While this week’s acquisitions by enterprise security provider Palo Alto Networks of container security provider Twistlock and serverless security provider PureSec are not the first for the cloud native security space, they may very well be the most notable, and a number of other competitors in the space are calling the move a validation of their own efforts.
Palo Alto Networks disclosed on Wednesday that it will pay “approximately $410 million in cash” for Twistlock, offering no specific number for PureSec, and will integrate the two products into its newly announced Prisma cloud security suite, which the company says will provide “visibility across the entire cloud environment while consistently governing access, protecting data, and securing applications regardless of location.” According to a statement, the co-founders of both Twistlock and PureSec will be joining Palo Alto Networks, though no mention was made of the other team members.
“It’s clear that every major IT vendor is considering its cloud native strategy. VMware acquired Heptio, NetApp acquired StackPointCloud, Microsoft invested in Aqua Security… the list goes on. Add to this the fact that every major cloud provider is retooling their offerings to provide development and operations capabilities for Kubernetes and containers, and you can imagine how things will evolve,” said Vasudevan. “I don’t think you can say Twistlock was the first, but it’s certainly the most visible. And that’s really what we pinpointed as the key takeaway from this acquisition — cloud native is going mainstream, and now every enterprise has to have it and every major vendor needs to support it.”
Dror Davidoff, co-founder and CEO of container, serverless and cloud native application security platform Aqua Security, meanwhile, said that the acquisition points to the need for purpose-built tools to handle the complexity of cloud native environments.
“The first thing this does is to validate the market need for a dedicated solution for securing cloud native environments. Simply adding new features onto network or cloud security products doesn’t address the real customer requirements,” said Davidoff. “But, it also shows that this is difficult for even big companies to build on their own now (as demonstrated by the high price paid for Twistlock)… the early leaders (including Aqua) have a significant advantage in terms of understanding these new technologies and how they are best secured.”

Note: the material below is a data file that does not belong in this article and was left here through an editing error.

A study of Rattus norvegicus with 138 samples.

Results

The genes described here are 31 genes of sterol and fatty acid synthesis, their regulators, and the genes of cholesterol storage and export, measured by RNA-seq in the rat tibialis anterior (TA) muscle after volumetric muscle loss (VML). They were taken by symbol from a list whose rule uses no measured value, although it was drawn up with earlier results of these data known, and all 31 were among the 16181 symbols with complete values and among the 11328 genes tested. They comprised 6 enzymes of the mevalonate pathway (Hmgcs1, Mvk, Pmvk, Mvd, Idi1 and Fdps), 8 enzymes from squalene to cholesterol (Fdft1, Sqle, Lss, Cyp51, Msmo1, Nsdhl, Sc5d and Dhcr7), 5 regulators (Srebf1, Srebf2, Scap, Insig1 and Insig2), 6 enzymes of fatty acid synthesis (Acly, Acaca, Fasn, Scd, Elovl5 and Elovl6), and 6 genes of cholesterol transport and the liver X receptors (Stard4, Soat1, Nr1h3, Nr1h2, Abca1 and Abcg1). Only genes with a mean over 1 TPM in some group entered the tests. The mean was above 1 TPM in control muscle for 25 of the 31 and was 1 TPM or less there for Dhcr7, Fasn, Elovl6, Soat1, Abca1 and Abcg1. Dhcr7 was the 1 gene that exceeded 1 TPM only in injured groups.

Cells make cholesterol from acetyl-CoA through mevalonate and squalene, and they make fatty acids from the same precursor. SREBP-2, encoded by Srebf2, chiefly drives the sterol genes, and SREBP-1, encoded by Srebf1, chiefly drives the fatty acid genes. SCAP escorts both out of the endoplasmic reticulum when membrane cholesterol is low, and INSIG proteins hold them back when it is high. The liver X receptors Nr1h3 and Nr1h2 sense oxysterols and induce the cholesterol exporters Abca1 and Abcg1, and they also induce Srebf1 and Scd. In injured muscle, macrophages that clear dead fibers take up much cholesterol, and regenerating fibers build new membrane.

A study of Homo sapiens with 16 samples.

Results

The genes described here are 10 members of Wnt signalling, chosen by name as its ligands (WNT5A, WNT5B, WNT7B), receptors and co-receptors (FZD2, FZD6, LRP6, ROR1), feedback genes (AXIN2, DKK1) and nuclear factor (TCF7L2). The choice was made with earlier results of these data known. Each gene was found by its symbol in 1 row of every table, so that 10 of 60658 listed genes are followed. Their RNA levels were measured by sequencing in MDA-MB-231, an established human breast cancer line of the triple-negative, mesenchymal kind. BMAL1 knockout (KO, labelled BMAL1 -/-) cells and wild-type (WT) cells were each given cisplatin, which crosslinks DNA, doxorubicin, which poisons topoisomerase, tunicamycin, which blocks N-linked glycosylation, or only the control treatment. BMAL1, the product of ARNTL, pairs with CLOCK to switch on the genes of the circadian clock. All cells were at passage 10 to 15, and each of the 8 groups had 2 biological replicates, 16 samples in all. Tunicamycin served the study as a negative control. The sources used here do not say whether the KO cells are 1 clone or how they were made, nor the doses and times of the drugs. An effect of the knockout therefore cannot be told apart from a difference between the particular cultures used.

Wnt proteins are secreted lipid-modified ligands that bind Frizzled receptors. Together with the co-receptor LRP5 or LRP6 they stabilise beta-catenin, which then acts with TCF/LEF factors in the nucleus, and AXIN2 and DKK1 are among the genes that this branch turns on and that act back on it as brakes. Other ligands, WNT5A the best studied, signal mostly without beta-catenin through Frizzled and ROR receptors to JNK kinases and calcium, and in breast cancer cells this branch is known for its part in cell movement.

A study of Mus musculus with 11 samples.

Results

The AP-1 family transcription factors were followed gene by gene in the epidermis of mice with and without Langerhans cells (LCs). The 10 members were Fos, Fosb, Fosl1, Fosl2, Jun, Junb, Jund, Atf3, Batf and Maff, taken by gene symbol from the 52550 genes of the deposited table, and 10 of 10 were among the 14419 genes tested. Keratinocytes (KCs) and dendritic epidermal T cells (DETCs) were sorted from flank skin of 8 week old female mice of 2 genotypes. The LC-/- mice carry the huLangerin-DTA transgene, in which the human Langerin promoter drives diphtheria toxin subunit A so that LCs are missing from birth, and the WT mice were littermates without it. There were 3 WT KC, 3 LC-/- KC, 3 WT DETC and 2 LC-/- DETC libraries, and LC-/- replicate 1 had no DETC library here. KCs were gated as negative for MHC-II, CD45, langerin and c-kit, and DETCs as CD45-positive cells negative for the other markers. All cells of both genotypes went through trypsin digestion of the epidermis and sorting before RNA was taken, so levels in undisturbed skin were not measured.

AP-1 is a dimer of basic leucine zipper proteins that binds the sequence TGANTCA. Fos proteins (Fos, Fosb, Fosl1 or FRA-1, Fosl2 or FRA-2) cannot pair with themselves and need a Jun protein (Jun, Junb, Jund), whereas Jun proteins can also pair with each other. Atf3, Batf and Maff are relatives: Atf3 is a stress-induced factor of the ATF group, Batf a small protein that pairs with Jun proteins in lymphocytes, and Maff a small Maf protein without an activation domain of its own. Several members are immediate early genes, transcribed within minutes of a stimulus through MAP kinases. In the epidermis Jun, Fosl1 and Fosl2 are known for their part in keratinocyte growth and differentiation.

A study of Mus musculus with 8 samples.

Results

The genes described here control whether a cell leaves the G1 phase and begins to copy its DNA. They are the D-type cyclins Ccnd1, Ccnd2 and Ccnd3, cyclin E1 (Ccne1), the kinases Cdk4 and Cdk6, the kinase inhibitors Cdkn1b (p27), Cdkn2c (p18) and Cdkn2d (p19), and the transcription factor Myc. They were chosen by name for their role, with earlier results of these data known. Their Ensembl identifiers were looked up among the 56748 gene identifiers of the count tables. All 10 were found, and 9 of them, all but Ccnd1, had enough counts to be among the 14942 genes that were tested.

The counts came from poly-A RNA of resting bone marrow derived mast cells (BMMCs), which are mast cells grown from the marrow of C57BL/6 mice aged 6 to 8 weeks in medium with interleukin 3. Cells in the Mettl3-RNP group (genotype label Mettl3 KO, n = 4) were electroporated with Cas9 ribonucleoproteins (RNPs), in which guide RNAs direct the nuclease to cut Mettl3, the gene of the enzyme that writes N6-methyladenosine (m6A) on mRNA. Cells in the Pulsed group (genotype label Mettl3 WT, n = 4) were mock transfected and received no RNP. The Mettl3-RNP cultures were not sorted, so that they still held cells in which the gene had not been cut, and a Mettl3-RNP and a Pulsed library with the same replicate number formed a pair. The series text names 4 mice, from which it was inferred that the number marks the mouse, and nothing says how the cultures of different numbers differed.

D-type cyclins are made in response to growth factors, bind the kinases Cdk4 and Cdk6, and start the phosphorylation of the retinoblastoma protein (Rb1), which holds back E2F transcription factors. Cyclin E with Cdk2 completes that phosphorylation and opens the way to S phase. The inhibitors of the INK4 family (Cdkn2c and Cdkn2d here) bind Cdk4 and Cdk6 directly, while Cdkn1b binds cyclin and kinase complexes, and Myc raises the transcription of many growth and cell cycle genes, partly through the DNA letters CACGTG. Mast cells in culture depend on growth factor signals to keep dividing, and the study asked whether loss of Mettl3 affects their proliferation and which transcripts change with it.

Kamal Shah, CEO of container and Kubernetes security platform StackRox, similarly points to the acquisition as a validation of the market, noting that enterprise adoption of containers is a driving force that he thinks will likely lead to more market consolidation.
“This acquisition is a major validation of the strategic importance of the container security market and reflects the growing importance of the broader cloud security market,” said. “Other, recent acquisitions have proven that companies that focus on the long-term and have the right architecture often win and I wouldn’t be surprised to see other security vendors acquire a container security vendor over the next 12 months. Enterprises today are looking for ways to enforce security and compliance policies as they embrace the business benefits of cloud native application architectures across multicloud and hybrid cloud environments.”
Whether or not this move by Palo Alto Networks will prove beneficial of course remains to be seen, but Davidoff remains skeptical. In a world of cloud native, he notes, companies may not be looking for monolithic providers, but rather piecemeal solutions that they can integrate in much the same way they have decomposed their applications into microservices.
“One of the great things about cloud native environments, is the ability to utilize the best tools from across the market (not just for security, but for your whole DevOps pipeline), whether those are open source, or commercial, and whether they come from big vendors or smaller ones. Unlike the more traditional security markets where a single solution has distinct advantages of a common management console, and clear points of control, DevOps is more about the flexibility to work the way the customer wants,” said Davidoff. “So, while having another product in the bag could benefit Palo Alto to some degree, their competitors will likely find that the customer is more concerned with integrating best of breed than having everything come from one vendor.”
Of course, Palo Alto Networks points to the 9,000 pre-existing enterprise customers as a point of affirmation, with Nikesh Arora, chairman and CEO of Palo Alto Networks, saying in a company statement that “We believe that our acquisition of these leading companies will significantly enhance our ability to be the cybersecurity partner of choice for our customers, while expanding our capabilities and strengthening our Prisma cloud security strategy.”
Twistlock is a sponsor of The New Stack.